Moms are great, so are grandmas, and great grandmas are all the more better. Anthony Prince Leslie wants us to know and utilizing matriarchal nature African culture, Leslie gives us a visually appealing affirmation in a five minute short called Àṣẹ.
So we are home with an African American extended family, and the Àṣẹ – or soul, light, spirit and good vibrations – are meant to come across the screen. Of course, the feeling is enlivened in the the smiles, conversations and the endearing touches of family members.
The Ash Smith cinematography does a pretty good number too. Against the stark white walls and inviting sunlight, the traditional outfits explode in their colorful vibrancy and make a plea for the ancestral homeland. The traditional score (Leslie), which sprinkles in a welcoming dose of chimes, also settles us in and reinforces the point.
Then the film get down to business. The camera ends its aimless pursuit of joyful abandon and makes a beeline for the carrier of the message.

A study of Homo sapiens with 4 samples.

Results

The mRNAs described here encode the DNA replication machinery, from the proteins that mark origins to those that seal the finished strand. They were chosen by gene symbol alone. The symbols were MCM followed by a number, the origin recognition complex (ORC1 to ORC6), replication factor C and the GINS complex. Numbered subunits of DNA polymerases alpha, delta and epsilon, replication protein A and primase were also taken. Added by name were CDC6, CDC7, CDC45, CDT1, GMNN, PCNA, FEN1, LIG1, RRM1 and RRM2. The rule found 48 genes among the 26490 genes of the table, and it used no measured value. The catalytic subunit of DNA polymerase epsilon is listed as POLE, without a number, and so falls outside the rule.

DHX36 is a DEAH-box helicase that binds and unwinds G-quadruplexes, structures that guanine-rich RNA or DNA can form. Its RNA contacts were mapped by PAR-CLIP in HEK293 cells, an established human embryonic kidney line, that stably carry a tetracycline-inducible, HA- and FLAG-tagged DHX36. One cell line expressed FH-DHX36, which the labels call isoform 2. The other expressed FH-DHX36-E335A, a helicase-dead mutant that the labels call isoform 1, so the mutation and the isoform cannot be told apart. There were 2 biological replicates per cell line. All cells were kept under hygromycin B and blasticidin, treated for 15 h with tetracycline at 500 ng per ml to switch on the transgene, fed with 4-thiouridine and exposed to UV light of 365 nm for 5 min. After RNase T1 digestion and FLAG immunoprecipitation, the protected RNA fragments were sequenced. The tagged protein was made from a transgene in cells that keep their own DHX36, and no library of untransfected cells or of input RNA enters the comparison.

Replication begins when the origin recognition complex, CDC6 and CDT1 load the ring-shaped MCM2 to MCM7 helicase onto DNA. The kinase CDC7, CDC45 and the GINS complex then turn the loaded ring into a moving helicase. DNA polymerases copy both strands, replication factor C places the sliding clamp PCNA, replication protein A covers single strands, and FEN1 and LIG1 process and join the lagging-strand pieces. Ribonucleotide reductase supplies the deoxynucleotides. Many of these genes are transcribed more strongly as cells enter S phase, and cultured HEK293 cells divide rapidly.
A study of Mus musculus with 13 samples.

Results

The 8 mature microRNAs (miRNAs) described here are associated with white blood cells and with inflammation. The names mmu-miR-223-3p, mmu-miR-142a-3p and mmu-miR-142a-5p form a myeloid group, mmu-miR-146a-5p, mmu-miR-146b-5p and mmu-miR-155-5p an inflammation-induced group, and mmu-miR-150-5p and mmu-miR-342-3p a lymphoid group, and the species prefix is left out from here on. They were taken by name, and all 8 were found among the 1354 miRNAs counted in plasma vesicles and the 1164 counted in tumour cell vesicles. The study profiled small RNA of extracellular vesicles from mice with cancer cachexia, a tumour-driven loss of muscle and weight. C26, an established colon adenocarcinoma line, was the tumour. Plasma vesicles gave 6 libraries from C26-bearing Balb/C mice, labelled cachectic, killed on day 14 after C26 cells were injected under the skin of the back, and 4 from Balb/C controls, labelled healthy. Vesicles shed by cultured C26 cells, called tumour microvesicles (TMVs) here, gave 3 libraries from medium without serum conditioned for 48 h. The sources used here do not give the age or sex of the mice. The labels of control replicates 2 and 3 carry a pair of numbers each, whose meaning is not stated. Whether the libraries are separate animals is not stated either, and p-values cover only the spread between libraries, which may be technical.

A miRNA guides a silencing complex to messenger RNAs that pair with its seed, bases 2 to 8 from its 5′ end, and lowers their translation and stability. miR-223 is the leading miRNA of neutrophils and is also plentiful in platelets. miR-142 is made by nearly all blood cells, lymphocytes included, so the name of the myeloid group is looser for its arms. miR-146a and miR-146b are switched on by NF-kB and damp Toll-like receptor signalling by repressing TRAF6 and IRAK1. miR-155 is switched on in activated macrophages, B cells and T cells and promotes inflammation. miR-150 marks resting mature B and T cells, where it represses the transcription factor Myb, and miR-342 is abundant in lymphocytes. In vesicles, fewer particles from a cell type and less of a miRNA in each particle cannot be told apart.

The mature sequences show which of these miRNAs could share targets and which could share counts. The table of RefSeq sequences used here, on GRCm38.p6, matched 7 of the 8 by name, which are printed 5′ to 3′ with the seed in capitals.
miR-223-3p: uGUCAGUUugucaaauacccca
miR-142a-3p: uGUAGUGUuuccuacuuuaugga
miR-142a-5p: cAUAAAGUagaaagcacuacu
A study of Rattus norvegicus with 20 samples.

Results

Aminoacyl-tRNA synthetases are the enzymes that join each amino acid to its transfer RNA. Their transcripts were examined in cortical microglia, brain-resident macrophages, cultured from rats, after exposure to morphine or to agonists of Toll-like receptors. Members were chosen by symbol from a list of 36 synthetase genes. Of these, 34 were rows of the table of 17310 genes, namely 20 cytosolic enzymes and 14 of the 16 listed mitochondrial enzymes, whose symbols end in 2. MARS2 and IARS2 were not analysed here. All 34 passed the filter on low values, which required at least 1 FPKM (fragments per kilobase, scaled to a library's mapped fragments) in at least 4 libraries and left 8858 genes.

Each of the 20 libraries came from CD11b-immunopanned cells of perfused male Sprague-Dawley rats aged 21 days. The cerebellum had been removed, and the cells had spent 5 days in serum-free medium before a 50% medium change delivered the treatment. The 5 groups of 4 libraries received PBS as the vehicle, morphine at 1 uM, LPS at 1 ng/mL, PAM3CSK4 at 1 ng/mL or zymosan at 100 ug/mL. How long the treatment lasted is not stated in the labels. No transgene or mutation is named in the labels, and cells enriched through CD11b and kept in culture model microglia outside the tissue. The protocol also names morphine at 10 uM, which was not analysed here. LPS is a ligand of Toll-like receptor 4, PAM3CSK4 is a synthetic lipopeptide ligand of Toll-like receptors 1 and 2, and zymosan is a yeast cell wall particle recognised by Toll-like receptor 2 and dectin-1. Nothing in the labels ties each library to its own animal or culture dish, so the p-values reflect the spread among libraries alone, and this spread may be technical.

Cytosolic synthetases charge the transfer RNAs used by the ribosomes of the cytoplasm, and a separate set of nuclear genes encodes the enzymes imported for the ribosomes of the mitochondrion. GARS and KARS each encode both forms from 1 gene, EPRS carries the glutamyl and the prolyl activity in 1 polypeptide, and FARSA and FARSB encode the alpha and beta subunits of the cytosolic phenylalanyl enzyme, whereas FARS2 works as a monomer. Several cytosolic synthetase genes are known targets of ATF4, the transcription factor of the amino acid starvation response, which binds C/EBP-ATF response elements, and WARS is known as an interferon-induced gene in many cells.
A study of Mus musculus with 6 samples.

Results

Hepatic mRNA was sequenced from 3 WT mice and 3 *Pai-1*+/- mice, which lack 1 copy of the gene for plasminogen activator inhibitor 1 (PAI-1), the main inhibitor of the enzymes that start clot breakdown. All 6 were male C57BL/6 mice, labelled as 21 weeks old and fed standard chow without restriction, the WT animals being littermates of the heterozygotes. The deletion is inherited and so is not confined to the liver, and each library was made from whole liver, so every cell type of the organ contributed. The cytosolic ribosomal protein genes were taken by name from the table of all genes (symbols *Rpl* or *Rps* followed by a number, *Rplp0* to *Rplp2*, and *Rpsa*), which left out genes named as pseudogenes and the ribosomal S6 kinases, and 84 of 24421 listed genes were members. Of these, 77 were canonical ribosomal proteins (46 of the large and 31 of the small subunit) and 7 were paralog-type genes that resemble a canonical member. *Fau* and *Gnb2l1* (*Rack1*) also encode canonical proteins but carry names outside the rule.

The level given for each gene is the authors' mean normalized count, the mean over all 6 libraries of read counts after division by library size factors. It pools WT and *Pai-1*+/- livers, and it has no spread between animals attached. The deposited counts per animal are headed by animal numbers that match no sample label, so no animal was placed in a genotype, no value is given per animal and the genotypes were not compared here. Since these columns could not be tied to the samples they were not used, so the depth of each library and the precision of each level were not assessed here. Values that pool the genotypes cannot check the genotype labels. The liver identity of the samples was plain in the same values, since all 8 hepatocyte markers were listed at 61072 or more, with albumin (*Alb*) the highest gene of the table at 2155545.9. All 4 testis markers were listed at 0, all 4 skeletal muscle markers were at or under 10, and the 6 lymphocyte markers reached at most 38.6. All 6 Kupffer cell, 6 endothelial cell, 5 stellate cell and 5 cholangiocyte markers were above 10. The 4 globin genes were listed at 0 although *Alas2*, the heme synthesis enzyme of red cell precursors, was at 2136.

Bethann Hardison is all matriarch and even the camera seems intimidated by her vast and encompassing stare. But when her grandson (Miyaike Fletcher) approaches with a playful request for “a story,” Hardison goes into sweet little Nanna mode to drive the premise.
“The story starts with you,” grandma implores, and she demands that knowing the past is paramount to knowing ourselves. Cutting back to the bigger picture, the group seems to be firmly with the program as the actors sit naturally at ease over dinner, while enjoying the old school food that got them all here today.
Still, not good enough, Nanna makes sure her clan understands the power of life’s trilogy – motherhood, water and light. So the story actually takes to a pool of water and wades us in all three.
But no distinct narrative or ah-ha moment emerges among the revelry. Instead, Àṣẹ is simply a love letter to the vision and the historical insight of all our Nannas – and if you want to rejoice in imagery, sounds and sentiment – feel free to enjoy the quaint little jaunt.